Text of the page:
A good pause is the starting point for improving your conversations, asking better questions and staying "above the line" as a communicative leader.

5 min read


Are you communicating above the line?


Everything we do is mitigated through conversation, including the conversations we have with ourselves. Most of the time our conversations are filtered through unconscious frames, which lie below the surface of our awareness. 

These filters influence what we hear, see and do. They skew our interactions to align with our assumptions, worldview, biases, expectations, perceptions, emotional state, fears and beliefs. Without intending to, these hidden filters distort our ability to practice effective communication skills, especially if our defenses are triggered. 

If you’re struggling to apply your communication skills, especially in tough or difficult conversations, this may be the reason. The solution: Make those invisible filters visible.

Above and below the line

Think of an imaginary line drawn across the middle of a page. Above the line, our conversations add value. They support strong relationships and inspire possibility and goal achievement. Above the line, we are connected with others, engaged and focused on moving toward shared outcomes. When we are above the line, we are open to having our unconscious drivers challenged, which makes it less likely for them to skew the conversation.

Below the line, our conversations devalue people and situations. They weaken relationships, inhibit creativity and critical thinking, and stand in the way of success. Below the line, we are defensive, critical, stressed and closed. 

When we are below the line, our unconscious drivers are in charge of our side of the conversation. It becomes almost impossible to use good communication practices effectively from below the line. This is why it’s important to tune in to these unconscious filters, shining a light on how they might be influencing us.

Tune in

To communicate from above the line, the technique we recommend is simple: Pause, breathe and get curious.

  1. Pause. Stop.
  2. Breathe. Take a deep breath. Deep breathing activates your parasympathetic nervous system — calming any stress response, widening your vision and boosting your ability to think critically, be creative and act choicefully. Conscious breathing puts you in the driver’s seat and slows your defensive reactions.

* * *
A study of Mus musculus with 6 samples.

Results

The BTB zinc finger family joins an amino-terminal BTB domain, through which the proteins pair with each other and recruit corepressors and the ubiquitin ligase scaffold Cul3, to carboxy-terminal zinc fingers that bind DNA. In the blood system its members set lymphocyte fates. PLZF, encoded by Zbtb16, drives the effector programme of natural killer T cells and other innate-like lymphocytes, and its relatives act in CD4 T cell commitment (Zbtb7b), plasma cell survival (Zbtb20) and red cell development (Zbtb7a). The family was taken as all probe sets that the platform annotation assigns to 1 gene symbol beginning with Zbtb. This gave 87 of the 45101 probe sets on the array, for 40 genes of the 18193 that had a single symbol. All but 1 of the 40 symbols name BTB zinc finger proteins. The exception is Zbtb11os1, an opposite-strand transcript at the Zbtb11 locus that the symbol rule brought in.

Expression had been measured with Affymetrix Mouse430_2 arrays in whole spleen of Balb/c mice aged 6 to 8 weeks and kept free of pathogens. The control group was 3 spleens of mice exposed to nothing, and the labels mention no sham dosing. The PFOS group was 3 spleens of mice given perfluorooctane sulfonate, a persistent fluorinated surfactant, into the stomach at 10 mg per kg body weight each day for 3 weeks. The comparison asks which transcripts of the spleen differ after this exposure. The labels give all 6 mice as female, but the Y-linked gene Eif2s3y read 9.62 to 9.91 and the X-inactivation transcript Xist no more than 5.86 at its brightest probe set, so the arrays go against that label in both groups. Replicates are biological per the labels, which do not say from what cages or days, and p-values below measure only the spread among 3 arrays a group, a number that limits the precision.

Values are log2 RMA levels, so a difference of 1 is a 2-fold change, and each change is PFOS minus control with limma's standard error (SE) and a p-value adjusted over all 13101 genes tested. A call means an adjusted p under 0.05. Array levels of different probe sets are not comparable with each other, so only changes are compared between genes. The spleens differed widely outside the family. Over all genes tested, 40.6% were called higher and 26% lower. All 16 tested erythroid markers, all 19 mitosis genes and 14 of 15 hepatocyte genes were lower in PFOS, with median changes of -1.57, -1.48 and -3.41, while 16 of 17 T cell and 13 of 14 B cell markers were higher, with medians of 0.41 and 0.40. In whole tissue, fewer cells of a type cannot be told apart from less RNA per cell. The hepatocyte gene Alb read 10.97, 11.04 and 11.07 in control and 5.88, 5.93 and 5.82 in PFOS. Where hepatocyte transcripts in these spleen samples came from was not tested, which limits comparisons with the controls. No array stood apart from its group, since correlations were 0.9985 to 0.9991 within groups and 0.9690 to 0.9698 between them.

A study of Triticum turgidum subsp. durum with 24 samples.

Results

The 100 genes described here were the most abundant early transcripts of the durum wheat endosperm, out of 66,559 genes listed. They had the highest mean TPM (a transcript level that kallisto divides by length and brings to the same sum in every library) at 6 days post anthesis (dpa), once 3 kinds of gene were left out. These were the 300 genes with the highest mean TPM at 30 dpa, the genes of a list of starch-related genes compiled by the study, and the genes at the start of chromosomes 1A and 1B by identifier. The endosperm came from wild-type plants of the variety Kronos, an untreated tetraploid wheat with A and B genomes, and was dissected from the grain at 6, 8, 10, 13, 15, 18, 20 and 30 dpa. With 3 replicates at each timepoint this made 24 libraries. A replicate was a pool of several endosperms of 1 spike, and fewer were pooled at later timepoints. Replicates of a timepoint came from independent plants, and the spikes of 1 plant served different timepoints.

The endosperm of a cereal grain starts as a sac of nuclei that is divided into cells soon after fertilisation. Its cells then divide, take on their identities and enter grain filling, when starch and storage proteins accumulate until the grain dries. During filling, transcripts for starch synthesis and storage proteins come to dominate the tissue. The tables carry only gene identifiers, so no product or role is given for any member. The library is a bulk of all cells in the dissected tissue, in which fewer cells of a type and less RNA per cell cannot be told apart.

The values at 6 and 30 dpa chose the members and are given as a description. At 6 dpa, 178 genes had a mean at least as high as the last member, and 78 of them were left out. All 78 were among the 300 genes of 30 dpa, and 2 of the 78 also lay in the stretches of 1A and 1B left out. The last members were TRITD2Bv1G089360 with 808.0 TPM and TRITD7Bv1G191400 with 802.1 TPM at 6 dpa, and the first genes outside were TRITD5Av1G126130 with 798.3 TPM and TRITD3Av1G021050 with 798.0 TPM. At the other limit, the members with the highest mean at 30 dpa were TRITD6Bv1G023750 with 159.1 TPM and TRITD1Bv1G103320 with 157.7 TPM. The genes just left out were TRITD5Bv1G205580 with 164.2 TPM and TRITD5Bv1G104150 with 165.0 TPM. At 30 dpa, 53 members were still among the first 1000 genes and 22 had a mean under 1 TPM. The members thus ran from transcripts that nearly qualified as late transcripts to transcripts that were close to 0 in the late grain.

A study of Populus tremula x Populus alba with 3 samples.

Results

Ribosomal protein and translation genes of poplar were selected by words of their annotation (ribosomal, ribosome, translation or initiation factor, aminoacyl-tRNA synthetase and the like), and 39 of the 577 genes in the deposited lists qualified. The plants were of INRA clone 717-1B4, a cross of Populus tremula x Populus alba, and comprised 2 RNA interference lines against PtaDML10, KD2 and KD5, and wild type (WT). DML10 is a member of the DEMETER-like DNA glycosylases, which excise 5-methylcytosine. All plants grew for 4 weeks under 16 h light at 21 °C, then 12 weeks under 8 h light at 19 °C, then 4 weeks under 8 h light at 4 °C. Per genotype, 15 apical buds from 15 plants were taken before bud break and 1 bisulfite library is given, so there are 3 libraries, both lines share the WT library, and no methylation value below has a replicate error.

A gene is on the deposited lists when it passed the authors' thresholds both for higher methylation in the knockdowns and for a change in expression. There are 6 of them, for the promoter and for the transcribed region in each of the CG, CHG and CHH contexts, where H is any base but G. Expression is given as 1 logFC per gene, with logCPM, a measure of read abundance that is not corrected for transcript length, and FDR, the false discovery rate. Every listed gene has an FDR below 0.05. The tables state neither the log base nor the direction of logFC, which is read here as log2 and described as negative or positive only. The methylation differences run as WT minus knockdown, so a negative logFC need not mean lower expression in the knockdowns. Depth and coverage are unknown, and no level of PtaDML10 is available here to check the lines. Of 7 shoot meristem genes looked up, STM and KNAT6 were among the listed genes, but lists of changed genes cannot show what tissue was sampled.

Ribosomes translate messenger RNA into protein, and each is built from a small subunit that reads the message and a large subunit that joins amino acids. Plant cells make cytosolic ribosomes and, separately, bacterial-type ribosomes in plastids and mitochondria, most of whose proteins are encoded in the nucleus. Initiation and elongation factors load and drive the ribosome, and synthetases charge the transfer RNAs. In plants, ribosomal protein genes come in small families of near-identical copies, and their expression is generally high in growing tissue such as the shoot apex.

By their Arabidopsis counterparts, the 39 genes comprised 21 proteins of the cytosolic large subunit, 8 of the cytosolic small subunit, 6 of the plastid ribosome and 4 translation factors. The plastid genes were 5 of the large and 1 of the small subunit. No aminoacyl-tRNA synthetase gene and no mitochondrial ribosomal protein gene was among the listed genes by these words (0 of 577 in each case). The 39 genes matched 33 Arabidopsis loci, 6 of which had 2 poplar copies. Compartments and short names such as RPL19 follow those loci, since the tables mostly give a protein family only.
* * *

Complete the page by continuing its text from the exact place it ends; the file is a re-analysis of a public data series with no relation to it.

3. Get curious. Expand your awareness by asking generative questions, ones that help you shift the way you’re thinking and feeling. Such questions as these make the invisible visible: 
  • “What’s going on with me? 
  • What am I feeling and where’s that coming from? 
  • What am I assuming?  
  • Why am I particularly stressed about this situation?
  • Did I make that up? What don’t I know? 

You can also get curious about the other person and the situation. For example: 

  • What might be going on for them? 
  • What might be driving their words? 
  • What do they really want to happen?
  • What are they really saying?

These three simple steps transform our capacity to come from a place of genuine curiosity, where we can deliberately choose our words and foster a conversation worth having. 

Generative questions shift us away from self-protection (the primary task of below-the-line thinking) by changing our neurobiochemistry, giving us greater access to empathy, creativity, and critical thinking. Our biochemistry enables us to communicate with a more open mind, heart and will — the keys to effective interactions and connection to others.

Next time you’re struggling to have a conversation worth having in the midst of a difficult or challenging situation, tune in: pause, breathe and get curious. Then, from a place of conscious intent, apply your communication practices. 

We recommend asking generative questions and using positive framing, the two simple practices that fuel productive and meaningful engagement—anytime, anywhere, and any situation. To learn more about these two practices, check out these SmartBrief articles: “We’re All Leaders When It Comes to Conversation” and “The Right Framing and Questions Can Lead to Productive Conversations.”


Cheri Torres is CEO and lead catalyst of Collaborative by Design, a consulting firm that helps organizations improve performance, retain talent and transform communication and culture. Torres has more than 35 years of leadership, teamwork, strategic planning and culture transformation experience. 

Jackie Stavros is management professor at the College of Business and Information Technology, Lawrence Technological University, and an Appreciative Inquiry advisor at the David L. Cooperrider Center for Appreciative Inquiry. Stavros has more than 30 years of leadership, strategic planning and change management experience. 

Stavros and Torres have been researching, writing, consulting and speaking on Appreciative Inquiry since 1996 and are co-authors of “Conversations Worth Having: Using Appreciative Inquiry to Fuel Productive and Meaningful Engagement.” Download a free conversational tool kit and learn more at the Conversations Worth Having website.